Jailed peer 'has Lords role to play' on prison reform

Lord Taylor leaving court Lord Taylor was a rising star of the Conservatives in the 1990s


He and fellow former Conservative Lord Hanningfield were suspended from the Lords on Wednesday after serving prison sentences for expenses fraud.

Lord Taylor said he could speak from the heart having heard "the jangling of keys from inside the door".

His suspension runs until 31 May and Lord Hanningfield's until April.

Peers approved their suspension - to run concurrently with their sentences - on Wednesday without a vote. Under current laws, peers cannot be permanently excluded from the House.

Lord Taylor was jailed for 12 months for fraudulently claiming more than £11,000 in taxpayers' money while Lord Hanningfield was jailed for nine months after falsely claiming expenses of £13,379.

Both were freed from prison on licence in September.

Lord Taylor, who currently wears an electronic tag, told the BBC he had not been back to the Lords since his release: "I was asked to stay away since January and I have adhered to that."

But he said he had received a lot of "very supportive" letters, including from peers, and said nobody had suggested to him he should not show his face in the Lords again. While there may be one or two critics, he said: "Most will realise I have a role to play."

Lord Taylor said he was keen to inform the debate about prison reform on his return to the Lords. He says Justice Secretary Ken Clarke is "on the right track" but he is worried he "seems to be a rather isolated voice".

"The new intake of MPs on all sides seem to be very antagonistic towards prison reform because they think it works well with their constituents, but I think it's not being honest," he said.

Peers held a brief debate on the suspensions before backing them unanimously

He said prison was a "temporary band aid" and if inmates were not trained and educated, they would simply come out and commit more crimes: "The public need to know it is more effective to train the prisoners. We need a more educated debate."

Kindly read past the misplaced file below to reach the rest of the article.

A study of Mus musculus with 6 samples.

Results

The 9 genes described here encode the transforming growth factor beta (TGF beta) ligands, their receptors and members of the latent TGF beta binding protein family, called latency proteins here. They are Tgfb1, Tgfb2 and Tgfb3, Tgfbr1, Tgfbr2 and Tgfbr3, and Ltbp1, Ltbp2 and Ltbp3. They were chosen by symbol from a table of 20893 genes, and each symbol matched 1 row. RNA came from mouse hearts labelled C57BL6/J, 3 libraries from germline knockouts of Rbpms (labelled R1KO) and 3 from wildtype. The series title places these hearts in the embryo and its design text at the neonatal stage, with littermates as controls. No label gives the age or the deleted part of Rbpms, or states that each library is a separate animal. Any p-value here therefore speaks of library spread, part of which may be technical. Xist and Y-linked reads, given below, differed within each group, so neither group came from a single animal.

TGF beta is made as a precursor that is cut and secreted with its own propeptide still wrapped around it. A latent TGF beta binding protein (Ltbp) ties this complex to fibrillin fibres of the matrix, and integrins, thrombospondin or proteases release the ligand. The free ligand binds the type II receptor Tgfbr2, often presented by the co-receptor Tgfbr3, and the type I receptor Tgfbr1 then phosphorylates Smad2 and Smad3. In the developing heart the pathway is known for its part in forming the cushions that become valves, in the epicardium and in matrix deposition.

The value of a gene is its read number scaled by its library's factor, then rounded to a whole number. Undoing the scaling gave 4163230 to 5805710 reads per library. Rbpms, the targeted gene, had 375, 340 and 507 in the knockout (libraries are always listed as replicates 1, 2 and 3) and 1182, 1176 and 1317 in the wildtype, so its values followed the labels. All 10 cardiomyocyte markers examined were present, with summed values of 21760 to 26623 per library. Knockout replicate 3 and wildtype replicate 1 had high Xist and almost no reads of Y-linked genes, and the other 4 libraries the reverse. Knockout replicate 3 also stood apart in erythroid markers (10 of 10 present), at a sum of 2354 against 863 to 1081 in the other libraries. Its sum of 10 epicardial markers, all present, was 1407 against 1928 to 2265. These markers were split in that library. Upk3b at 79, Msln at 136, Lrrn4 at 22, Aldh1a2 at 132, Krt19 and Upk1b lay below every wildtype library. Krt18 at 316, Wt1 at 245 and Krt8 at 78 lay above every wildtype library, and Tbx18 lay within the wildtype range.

He backs more community service sentences, which he says are more effective, and more training for those who do go to prison to give them a "sense of responsibility".

Lord Taylor said he could now "speak from the heart" on the issue: "I have heard the jangling of keys from inside the door."

He is also interested in unemployment and apprenticeships and says he would like to continue mentoring schemes for young people.

"I would just like to try and make amends by showing I can do public service again - it's a privilege to do public service."

'On the treadmill'

Lord Taylor was at Wandsworth Prison, a category B prison in south London, for a month, where he briefly shared a cell with another expenses convict - the former Labour minister Elliot Morley. The two men discussed "how we were feeling, how we were going to keep fit" - but not details of their cases, he said.

He spent 22 and a half hours a day in his cell and had been stripsearched before going onto the prison wing: "But in a couple of days you have to settle down into routine. To begin with it's about survival, then you realise you can do more than survive, you get to know how to keep yourself safe, where the towels are - and get used to the food."

"There was a lot of kindness in prison - that was a surprise," he said, recounting the story of a prisoner who had given him his spare orange.

Start Quote

At the time I thought was acting within the rules but on reflection ... I just have to accept I was wrong”

End Quote Lord Taylor of Warwick

The former barrister says he was able to help other prisoners with legal advice. Once he was moved to Standford Hill, an open prison in Kent, he was able to move more freely and continued to offer legal advice - as well as taking on jobs as a toilet cleaner and an educational orderly - helping prisoners with reading.

The former Conservative minister Jonathan Aitken, who served time in jail for perjury more than a decade ago and works with offenders, also wrote to him: "He told me he has a more fulfilling life now than he did before. He regards himself as a better man - I hope that will be the same for me."

He says doing the jobs gave him time to think about the future and his family and friends. His Christian faith also helped get him through, he says.

Two other men caught up in the expenses scandal were also with him at Standford Hill - fellow peer Lord Hanningfield and the former Labour MP Jim Devine, who he says he went to the gym with: "We would quite often be on the treadmill side by side."

Lord Taylor's chances of becoming a party spokesman on the prison reform may have disappeared - he resigned the Tory whip when he was charged in July last year and will sit as an independent peer. Lord Hanningfield had the Tory whip withdrawn so will also sit as an independent.

Lord Taylor said it would be up to the Conservatives if he were to join their team: "I'm relaxed about that. I was never ambitious for office anyway. I don't see myself as a politician."

On his expenses claims - he says there was clearly a problem with the rules and there was a "lot of confusion" but added: "I'm not looking for sympathy, or trying to make excuses but clearly something was wrong... At the time I thought was acting within the rules but on reflection... I just have to accept I was wrong."